Sen. Barack Obama greets employees during a tour of the General Motors assembly plant in Janesville. Wis., on Wednesday. Obama outlined his plan for economic policy following the tour.
Scott Olson

Democratic presidential hopeful Barack Obama used the backdrop of a General Motors plant in Janesville, Wis., to summarize his economic proposals on Wednesday. Wisconsin voters go to the polls on Tuesday.

For almost 100 years, Obama said, the GM plant in Janesville has produced not just profits for GM, but also prosperity for the wider community.

"The promise of Janesville has been the promise of America," Obama said. "Our prosperity can and must be the tide that lifts every boat."

Obama argued that shared prosperity has been jeopardized by corporate tax cuts, misguided trade deals and a failure of leadership in Washington.

"We have greater income disparity in this country than we've seen since the first year of the Great Depression," he said.

Speaking to a group of blue-collar workers, Obama consciously veered from his inspirational stump speech and tried to anchor lofty ideals to very specific policy proposals. Those include tax cuts of $500 per person, a plan to promote more affordable health care and a proposal to automatically enroll workers in retirement savings plans.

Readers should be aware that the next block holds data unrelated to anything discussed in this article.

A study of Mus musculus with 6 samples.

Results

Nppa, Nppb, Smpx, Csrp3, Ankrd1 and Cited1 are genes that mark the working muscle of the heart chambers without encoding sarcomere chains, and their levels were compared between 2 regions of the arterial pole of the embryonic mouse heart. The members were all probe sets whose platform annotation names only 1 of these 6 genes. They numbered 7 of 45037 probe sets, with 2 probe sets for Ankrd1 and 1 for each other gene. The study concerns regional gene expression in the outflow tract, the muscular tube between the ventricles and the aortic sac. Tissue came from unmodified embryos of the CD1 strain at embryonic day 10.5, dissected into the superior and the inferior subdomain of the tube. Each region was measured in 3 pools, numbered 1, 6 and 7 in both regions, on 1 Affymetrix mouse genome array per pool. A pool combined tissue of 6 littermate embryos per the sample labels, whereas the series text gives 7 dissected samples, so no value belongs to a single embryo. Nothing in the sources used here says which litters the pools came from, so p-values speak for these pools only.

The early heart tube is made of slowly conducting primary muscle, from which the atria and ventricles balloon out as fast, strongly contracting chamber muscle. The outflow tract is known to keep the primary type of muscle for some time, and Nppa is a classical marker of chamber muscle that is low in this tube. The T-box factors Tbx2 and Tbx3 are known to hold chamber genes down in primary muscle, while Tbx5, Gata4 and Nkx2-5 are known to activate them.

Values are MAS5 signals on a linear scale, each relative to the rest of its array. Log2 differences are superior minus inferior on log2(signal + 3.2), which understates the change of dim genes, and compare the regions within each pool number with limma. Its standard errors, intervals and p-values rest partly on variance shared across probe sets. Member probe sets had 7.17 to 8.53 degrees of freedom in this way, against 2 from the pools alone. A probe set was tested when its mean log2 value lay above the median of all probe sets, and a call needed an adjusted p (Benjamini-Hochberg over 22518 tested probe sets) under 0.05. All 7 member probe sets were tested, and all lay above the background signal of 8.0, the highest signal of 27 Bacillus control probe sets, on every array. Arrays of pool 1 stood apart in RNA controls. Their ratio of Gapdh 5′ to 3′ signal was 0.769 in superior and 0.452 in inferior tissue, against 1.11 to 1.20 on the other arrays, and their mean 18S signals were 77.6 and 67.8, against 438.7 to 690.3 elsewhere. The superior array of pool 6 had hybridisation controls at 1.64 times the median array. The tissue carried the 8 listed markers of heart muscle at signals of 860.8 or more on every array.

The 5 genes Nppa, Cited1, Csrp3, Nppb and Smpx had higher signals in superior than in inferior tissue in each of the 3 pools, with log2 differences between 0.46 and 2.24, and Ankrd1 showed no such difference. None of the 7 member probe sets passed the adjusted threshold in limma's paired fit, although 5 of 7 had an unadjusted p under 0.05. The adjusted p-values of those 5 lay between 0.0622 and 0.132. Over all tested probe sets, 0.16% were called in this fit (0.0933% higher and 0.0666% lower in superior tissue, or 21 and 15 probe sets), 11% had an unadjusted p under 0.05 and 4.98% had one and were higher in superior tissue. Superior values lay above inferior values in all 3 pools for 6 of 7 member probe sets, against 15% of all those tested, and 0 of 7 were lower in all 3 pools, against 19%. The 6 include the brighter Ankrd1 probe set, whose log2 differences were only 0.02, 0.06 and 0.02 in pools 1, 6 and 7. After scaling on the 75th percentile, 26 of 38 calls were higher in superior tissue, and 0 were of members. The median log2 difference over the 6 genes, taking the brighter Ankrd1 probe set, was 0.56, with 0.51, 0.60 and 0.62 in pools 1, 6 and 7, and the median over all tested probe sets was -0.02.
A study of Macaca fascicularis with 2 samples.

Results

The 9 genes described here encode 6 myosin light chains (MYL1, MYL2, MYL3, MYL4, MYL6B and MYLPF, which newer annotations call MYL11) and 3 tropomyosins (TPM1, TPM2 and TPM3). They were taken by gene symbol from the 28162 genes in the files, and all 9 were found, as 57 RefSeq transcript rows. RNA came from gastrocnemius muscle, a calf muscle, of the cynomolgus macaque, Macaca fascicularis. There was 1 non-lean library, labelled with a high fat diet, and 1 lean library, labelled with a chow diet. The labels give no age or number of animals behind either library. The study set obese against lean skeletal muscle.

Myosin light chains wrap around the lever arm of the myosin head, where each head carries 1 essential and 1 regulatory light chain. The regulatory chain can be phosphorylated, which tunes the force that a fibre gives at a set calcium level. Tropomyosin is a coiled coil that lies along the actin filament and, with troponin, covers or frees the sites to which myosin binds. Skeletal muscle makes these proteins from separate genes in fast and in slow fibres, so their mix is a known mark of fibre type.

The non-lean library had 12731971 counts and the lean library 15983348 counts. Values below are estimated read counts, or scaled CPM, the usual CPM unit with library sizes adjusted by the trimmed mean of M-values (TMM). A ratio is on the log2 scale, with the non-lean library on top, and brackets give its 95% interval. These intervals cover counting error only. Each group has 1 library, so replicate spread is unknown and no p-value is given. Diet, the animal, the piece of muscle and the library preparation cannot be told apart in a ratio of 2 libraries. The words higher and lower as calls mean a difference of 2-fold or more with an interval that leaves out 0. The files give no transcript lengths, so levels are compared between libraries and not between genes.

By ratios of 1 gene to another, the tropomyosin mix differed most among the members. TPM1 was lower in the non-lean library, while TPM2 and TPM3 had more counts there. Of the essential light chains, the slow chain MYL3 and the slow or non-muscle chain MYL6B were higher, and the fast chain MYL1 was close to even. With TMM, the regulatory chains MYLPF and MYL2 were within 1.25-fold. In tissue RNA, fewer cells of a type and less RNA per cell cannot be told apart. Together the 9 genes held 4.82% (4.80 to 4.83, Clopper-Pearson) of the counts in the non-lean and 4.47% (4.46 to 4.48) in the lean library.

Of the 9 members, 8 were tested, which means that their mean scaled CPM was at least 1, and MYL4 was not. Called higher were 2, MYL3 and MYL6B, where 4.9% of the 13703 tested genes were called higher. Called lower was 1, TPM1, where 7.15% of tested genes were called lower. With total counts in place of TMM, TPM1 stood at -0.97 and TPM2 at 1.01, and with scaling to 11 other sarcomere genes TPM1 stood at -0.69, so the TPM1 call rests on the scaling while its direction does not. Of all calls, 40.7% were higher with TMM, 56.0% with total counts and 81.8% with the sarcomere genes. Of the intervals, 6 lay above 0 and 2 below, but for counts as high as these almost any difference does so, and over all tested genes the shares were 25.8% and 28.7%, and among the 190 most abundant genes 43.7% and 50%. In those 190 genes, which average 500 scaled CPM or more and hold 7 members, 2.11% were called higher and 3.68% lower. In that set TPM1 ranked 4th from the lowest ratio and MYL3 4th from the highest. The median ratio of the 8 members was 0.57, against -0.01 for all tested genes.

Obama also called for investing $60 billion over the next 10 years to fix bridges, highways and other infrastructure. He said the plan would generate up to 2 million new jobs, directly and indirectly. He planned to pay for the additional investment with money that's now being used to fund the war in Iraq.

"It's time to stop spending billions of dollars a week trying to put Iraq back together and start spending the money on putting America back together instead," Obama said.

Obama criticized his Democratic rival Hillary Clinton and likely Republican nominee John McCain in the same breath for voting in favor of the war.

Clinton's campaign fired back, saying both Obama's infrastructure proposal and a separate plan to encourage alternative energy jobs were ideas Clinton had raised months ago.

"I have solutions," Clinton said during a news conference. "The question today is does Sen. Obama."

Copyright 2023 NPR. To see more, visit https://www.npr.org.

Scott Horsley is NPR's Chief Economics Correspondent. He reports on ups and downs in the national economy as well as fault lines between booming and busting communities.